Finance takes centre stage at COP27 climate talks

With the world requiring between $4 trillion and $7 trillion per year to shift towards sustainable development, the pressing issue of climate finance kicked off the UN Climate Change Conference’s (COP27) Thematic Days Agenda by reiterating it as a cornerstone for implementing climate action to save lives and livelihoods around the world.

In the first of 11 themed days at COP27, Finance Day addressed several aspects of the climate finance ecosystem, including innovative and blended finance and financial instruments, tools and policies that have the potential to enhance access, scale up finance and contribute to the transition envisaged and needed, including those related to debt for environment swaps.

“Financing underpins the development of an energy transition pathway for Africa, but the unsustainable levels of public debt countries are managing acts as a block on advancing necessary climate initiatives,” COP27 President Sameh Shoukry, who is also the Egyptian Foreign Minister, said on Wednesday.

Finance Day featured a robust program of 26 events, including a Ministerial roundtable and saw the launch of the Reducing the Cost of Sustainable Borrowing initiative.

The Rockefeller Foundation announced more than $11 million in grants to 10 organisations scaling Indigenous and regenerative agriculture practices around the world.

Evidence makes clear the central role food systems can play in mitigating climate change. The funding will help scale the development, data analysis, financing, and education around regenerative agricultural practices, which can improve global food systems and mitigate the global food crisis.

It is estimated that the world will require between $4 trillion and $7 trillion per year, to shift towards sustainable development and meet agreed Paris Agreement targets, and Wednesday’s events enabled further cooperation to help close that gap.

The sessions aimed to bring together all stakeholders involved in the climate agenda — from the public and private sectors to philanthropic entities, Multilateral Development Banks (MDBs) and the UN bodies, with the view to crafting an inclusive and just financing roadmap that supports the global South in implementing their adaptation and mitigation plans and renewing the commitment of developed nations to provide the necessary funding to “Leave No One Behind”.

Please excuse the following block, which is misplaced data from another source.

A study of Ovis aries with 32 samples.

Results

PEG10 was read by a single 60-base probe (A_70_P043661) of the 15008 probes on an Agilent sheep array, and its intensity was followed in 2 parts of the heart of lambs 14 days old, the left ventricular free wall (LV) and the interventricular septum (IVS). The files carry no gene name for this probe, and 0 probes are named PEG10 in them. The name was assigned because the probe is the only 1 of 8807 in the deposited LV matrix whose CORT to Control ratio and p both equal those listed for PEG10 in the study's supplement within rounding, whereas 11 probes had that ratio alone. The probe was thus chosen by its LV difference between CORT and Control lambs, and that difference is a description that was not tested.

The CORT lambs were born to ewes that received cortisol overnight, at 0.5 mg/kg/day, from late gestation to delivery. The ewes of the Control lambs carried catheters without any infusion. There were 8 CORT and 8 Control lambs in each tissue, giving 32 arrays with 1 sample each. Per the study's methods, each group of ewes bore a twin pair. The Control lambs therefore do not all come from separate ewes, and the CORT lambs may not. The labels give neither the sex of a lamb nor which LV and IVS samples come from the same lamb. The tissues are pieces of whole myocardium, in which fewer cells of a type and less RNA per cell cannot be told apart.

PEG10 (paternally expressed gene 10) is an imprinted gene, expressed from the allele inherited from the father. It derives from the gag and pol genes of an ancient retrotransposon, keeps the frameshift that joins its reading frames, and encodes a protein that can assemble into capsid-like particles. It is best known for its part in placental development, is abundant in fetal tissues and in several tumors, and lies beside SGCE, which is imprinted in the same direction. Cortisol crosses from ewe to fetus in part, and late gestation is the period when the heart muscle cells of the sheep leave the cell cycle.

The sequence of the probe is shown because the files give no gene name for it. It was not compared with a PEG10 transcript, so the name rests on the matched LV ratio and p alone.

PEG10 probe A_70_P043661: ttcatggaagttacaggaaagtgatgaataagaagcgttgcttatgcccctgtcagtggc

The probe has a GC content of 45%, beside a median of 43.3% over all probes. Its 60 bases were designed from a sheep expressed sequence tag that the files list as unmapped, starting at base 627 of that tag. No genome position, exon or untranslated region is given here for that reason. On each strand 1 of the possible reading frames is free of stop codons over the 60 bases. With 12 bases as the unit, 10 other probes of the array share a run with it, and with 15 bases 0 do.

At the opening ceremony, Egyptian Prime Minister Mostafa Madbouly spoke to the significance of Finance Day, featuring an intensive program that included the discussion of topics that encourage the finance sector to assist the transformation to a sustainable economy and expressed hope that the conversations would be translated into serious commitments for finance adaptation.

During the panel discussion, Climate Finance in a Polycrisis Era, key themes including innovative finance, financing just transition, sovereign debt for sustainability and climate change, and the role of the private sector in mobilising resources were addressed.

Private finance was highlighted as essential to deliver trillions of dollars needed to limit global warming to 1.5 degrees and ambition, action and accountability identified as critical to unlocking finance.

Access to low-cost finance was further addressed, with pragmatic solutions, deals, commitments, and pledges to reduce the cost of green loans. Discussions also involved adaptation plans and increasing the bankability and attractiveness to investors of adaptability projects.

During the day, several panels took place including: Mobilising Finance for Climate Action, wherein the key takeaway was a call for the doubling of finance compared to 2019 levels in 2025 by making the commitment for developed countries to step up financing so that developing countries to be reassured that no one will be left behind.

Some 50 activists, including representatives of the youth and persons with disabilities, plus a Pikachu, the fictional Pokemon creature, and a T-Rex lookalike — characters that we remember well from COP26 in Glasgow — demanded an end to the financing of fossil fuels.

“While the wealthiest governments are claiming climate leadership, they are actually funnelling billions of dollars towards new gas, oil, and coal projects, this will worsen the climate crisis,” one of them told the massive group of journalists and delegates who paused their busy schedules to listen.

The activists’ t-shirts read ‘Stop funding fossil fuels’, a message directed at those attending the first of the thematic days of COP27, on finance.

The day concluded with COP27 facilitating a meeting of the heads of the African sovereign wealth funds, helping to mobilise investments and public private partnerships for increasing climate action.